My (Sort of, but Not Really) Mid-Life Crisis

By Graham Glover


Again, I don’t know why this year is different. By all accounts I think my life is pretty squared away. I have a faithful and loving wife whom I adore. I couldn’t be prouder or more satisfied with my children. The privilege to serve my church and my nation is seldom lost on me. That being said, I still have a PhD almost 8 years past due in completing. My waistline remains much larger than it should, especially for a soldier. I am compensated very well for my job, but my financial house needs some drastic improvement, as does my willingness to give back to the One who has given me everything.

Maybe I’m just in a bad mood. Maybe I miss the civilian parish or the university classroom. Maybe I need to look deep into my soul and finally come to peace with the doctrines of my church and the nuances of my Corps. Conversely, maybe I need to abandon one or the other. Maybe I am a grumpy old fart that should stop whining and instead be grateful for that which I do have.


Ok. It’s not a crisis. I know it and so does my wife.

But if it’s not a crisis, what is it?

Why I am suddenly analyzing everything about me? Why, at the age of 41, am I still trying to figure out what I’m going to do with my life? Am I going to be an Army Chaplain, a parish pastor, a university professor, or do I want to return to my original vocation of politics? Am I incapable of being satisfied? If I finally earned my doctorate, lost some weight, paid off my debts, gave more to the church, and came to grips with my vocation – would this “crisis” suddenly go away? Who knows…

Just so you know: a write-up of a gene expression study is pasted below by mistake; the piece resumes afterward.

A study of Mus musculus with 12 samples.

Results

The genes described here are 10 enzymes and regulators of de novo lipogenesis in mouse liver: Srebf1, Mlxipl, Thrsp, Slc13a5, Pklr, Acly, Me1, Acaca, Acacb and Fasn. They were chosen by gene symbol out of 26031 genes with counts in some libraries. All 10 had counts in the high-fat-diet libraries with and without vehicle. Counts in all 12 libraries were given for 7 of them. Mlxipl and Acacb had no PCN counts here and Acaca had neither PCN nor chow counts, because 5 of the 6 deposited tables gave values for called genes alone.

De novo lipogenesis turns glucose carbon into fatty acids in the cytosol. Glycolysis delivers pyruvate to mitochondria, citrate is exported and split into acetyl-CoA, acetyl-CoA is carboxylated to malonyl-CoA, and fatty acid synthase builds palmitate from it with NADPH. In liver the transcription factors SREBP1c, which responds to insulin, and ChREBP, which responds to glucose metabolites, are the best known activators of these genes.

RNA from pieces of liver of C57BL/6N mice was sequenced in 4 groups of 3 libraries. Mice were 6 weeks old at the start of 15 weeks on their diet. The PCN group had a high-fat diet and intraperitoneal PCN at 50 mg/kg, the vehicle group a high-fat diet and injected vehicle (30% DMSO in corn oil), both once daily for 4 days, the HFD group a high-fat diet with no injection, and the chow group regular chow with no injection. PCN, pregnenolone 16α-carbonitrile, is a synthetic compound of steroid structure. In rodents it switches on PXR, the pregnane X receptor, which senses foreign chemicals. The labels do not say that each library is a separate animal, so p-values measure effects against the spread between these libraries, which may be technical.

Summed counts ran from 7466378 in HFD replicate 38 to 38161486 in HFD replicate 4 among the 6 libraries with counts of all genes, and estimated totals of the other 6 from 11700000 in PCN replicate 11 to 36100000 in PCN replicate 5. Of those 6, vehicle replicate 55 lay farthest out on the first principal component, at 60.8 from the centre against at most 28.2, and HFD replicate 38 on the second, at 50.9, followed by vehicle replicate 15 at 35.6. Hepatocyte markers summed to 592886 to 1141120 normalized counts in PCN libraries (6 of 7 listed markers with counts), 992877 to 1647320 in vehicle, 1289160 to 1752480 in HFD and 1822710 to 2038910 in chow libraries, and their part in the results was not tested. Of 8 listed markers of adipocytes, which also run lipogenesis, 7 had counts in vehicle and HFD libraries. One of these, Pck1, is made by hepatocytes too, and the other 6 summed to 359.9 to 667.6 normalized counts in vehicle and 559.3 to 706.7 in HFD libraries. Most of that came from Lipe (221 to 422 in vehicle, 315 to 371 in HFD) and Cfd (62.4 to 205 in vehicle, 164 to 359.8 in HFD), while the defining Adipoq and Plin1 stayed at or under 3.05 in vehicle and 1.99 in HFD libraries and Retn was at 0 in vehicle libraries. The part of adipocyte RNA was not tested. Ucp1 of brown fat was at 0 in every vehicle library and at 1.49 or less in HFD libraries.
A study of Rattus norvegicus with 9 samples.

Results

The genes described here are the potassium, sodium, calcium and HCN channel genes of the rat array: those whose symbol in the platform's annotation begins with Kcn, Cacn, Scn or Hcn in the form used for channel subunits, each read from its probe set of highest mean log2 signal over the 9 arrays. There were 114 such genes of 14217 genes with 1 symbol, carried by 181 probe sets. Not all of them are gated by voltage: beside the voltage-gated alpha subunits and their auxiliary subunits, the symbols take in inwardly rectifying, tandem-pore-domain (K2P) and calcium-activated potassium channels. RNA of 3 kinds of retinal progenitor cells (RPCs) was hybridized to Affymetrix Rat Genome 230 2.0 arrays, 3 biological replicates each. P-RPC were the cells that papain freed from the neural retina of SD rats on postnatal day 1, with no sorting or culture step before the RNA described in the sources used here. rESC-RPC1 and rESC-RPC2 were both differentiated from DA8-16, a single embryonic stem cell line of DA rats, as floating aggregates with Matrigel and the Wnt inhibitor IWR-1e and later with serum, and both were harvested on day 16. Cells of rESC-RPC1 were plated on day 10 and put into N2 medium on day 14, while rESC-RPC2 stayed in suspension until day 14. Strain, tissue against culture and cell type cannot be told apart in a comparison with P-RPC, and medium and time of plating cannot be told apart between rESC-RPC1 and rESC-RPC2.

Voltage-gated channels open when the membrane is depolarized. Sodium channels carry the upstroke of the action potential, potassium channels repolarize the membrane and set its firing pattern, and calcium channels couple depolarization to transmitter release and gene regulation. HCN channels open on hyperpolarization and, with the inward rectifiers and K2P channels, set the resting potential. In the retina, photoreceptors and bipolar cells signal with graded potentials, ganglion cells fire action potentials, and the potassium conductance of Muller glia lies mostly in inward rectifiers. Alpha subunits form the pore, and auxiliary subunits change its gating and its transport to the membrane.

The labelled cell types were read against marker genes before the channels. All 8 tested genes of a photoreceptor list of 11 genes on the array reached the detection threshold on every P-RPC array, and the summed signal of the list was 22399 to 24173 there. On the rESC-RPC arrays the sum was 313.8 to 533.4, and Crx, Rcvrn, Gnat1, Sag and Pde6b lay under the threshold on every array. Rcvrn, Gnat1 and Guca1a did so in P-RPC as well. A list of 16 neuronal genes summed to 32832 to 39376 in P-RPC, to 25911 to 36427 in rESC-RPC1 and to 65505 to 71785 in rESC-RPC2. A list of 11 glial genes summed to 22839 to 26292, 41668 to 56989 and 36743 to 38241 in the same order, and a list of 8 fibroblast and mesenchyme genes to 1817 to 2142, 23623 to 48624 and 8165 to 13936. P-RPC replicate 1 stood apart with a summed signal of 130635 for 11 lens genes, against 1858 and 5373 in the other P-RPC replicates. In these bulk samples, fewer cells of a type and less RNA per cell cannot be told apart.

Actually, who cares. Who cares if I am ever satisfied. It shouldn’t bother me. It shouldn’t concern you. And is most assuredly shouldn’t be called a crisis.


I’m not having a mid-life crisis. I’m having an identity crisis – a crisis that pits me vs. God. I am obsessed with myself rather than our Lord. I may preach otherwise, but I am clearly more interested in earthly values rather than eternal ones.

So what should I do? How can I alleviate my “struggle” with turning 41?

Nothing. It’s not about what I should do. It has nothing to do with how I can alleviate things.


As soon as I embrace this reality, the reality of Christ’s grace and forgiveness, my crisis will end. For Christ has made me perfect. He has deemed me worthy. He has counted my life a success. Not because of what I have done, but because of Him, because of His love and His sacrifice. Not because of my deeds, but because of His deed in the empty tomb.

So Happy Birthday to me. May my life continue to be one that finds contentment and satisfaction in Christ our Lord.